Barack Obama on Monday struggled to fend off accusations of being a cultural elitist as Hillary Clinton piled on charges that her opponent “looks down” on ordinary people following his controversial remarks last week about the bitterness of small-town Americans.
By Edward Luce in Washington
Mr Obama – who is 20 points behind Mrs Clinton in Pennsylvania, according to an opinion poll published on Monday – accused both his Democratic rival and Republican candidate John McCain of “singing from the same hymn book”.
He portrayed Mrs Clinton’s acceptance of donations from federal lobby groups, which he has refused, as evidence that she would serve special interests if she became president.
Out of touch
“Senator Clinton and Senator McCain saying that I’m ‘out of touch’ – an ‘elitist’ – because I said a lot of folks are bitter about their economic circumstances. Now it may be that I chose my words badly . . . but when I hear my opponents, both of whom have spent decades in Washington, saying I’m out of touch it’s time to cut through their rhetoric and look at the reality,” he said in a speech in Pittsburgh.
Mr Obama, who is likely to retain leadership among elected convention delegates even if he loses Pennsylvania by a large margin next week, also poked fun at Mrs Clinton’s attempts to depict herself as having a blue-collar background.
Clinton, McCain and Obama’s wealth
Mrs Clinton, whose paternal grandparents came from Scranton, the working class town in Pennsylvania where she spent some childhood vacations, has a net worth of $110m (€70m, £55.5m) according to joint tax returns filed by the Clintons earlier this month – about 50 times greater than Mr Obama’s. Mr McCain, whose father and grandfather were both naval admirals, owns eight properties and his wife, Cindy, is worth at least $100m from her family’s beer distribution inheritance, according to estimates.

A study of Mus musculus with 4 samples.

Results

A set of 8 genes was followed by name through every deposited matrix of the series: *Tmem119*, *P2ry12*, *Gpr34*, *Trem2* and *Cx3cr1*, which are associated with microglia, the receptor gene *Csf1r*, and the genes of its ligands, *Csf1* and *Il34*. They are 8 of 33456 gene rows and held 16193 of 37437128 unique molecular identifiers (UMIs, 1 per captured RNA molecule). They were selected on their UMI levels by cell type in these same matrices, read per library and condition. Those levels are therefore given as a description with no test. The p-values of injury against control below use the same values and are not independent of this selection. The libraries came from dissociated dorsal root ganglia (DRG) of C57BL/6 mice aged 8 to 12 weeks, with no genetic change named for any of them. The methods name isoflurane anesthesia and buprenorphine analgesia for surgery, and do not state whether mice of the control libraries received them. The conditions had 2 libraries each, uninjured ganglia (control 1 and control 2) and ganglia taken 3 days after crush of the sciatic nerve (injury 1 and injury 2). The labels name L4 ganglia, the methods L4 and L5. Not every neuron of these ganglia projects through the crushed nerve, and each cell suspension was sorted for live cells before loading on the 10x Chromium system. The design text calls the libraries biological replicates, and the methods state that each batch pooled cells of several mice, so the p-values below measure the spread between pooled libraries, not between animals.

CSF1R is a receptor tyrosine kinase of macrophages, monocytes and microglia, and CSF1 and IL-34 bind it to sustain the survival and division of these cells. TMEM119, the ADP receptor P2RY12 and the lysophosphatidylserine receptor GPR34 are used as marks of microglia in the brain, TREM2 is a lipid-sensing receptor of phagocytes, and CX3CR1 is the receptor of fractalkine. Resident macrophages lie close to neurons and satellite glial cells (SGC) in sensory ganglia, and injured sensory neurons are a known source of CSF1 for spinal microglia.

Mr Obama also referred to a weekend “photo-op” Mrs Clinton staged in a blue- collar bar following a string of comments about her respect for gun owners.
“You’ve heard this kind of rhetoric before,” he said. “Around election time, the candidates can’t do enough for you. They’ll promise you anything, give you a long list of proposals and even come around, with TV crews in tow, to throw back a shot and a beer.”
Phil Singer, a spokesman for the Clinton campaign, responded: “With all due respect, this is the same politician who spent six days posing for clichéd camera shots that included bowling gutterballs, walking around a sports bar, feeding a baby cow and buying a ham at the Philly market. Senator Obama’s speeches won’t hide his condescending views of Americans living in small towns.”
Clinton’s source of energy
Mr Obama’s remarks have given Mrs Clinton a renewed lease of energy following her demotion earlier this month of Mark Penn, her former senior strategist, after it emerged that Mr Penn had met senior officials from the government of Colombia. Mrs Clinton opposes the US-Colombia trade deal.
“This is the kind of misstep by Senator Obama that has kept Hillary Clinton in the campaign,” said Tom Schaller, a political scientist. “But when Mrs Clinton tells people she’s just like them, she goes to church on Sunday and goes hunting on Saturday, that also threatens to backfire against her – it risks irritating people.”
Clinton supporters are telling the Democrats’ unelected super-delegates, whose vote will ultimately decide the nomination, that Mr Obama’s “cultural elitism” would see him lose the general election to Mr McCain in November. On Sunday, Mrs Clinton even drew an unflattering parallel to John Kerry and Al Gore, the two previous Democratic contenders who were damaged by voter perceptions that they were out of touch with ordinary people.
“We had two very good men, and men of faith, run for president in 2000 and 2004,” she told a forum on faith, “but large segments of the electorate concluded that they did not really understand or relate to or frankly respect their ways of life.”
Clinton supporters are also reminding the super-delegates of Gary Hart, the losing 1984 presidential candidate, who was pilloried for making disrespectful remarks about New Jersey. Some even go as far back as Adlai Stevenson, the losing 1956 and 1960 candidate, who, when told he was supported by “thinking people”, replied: “Yes, but I need to win a majority.”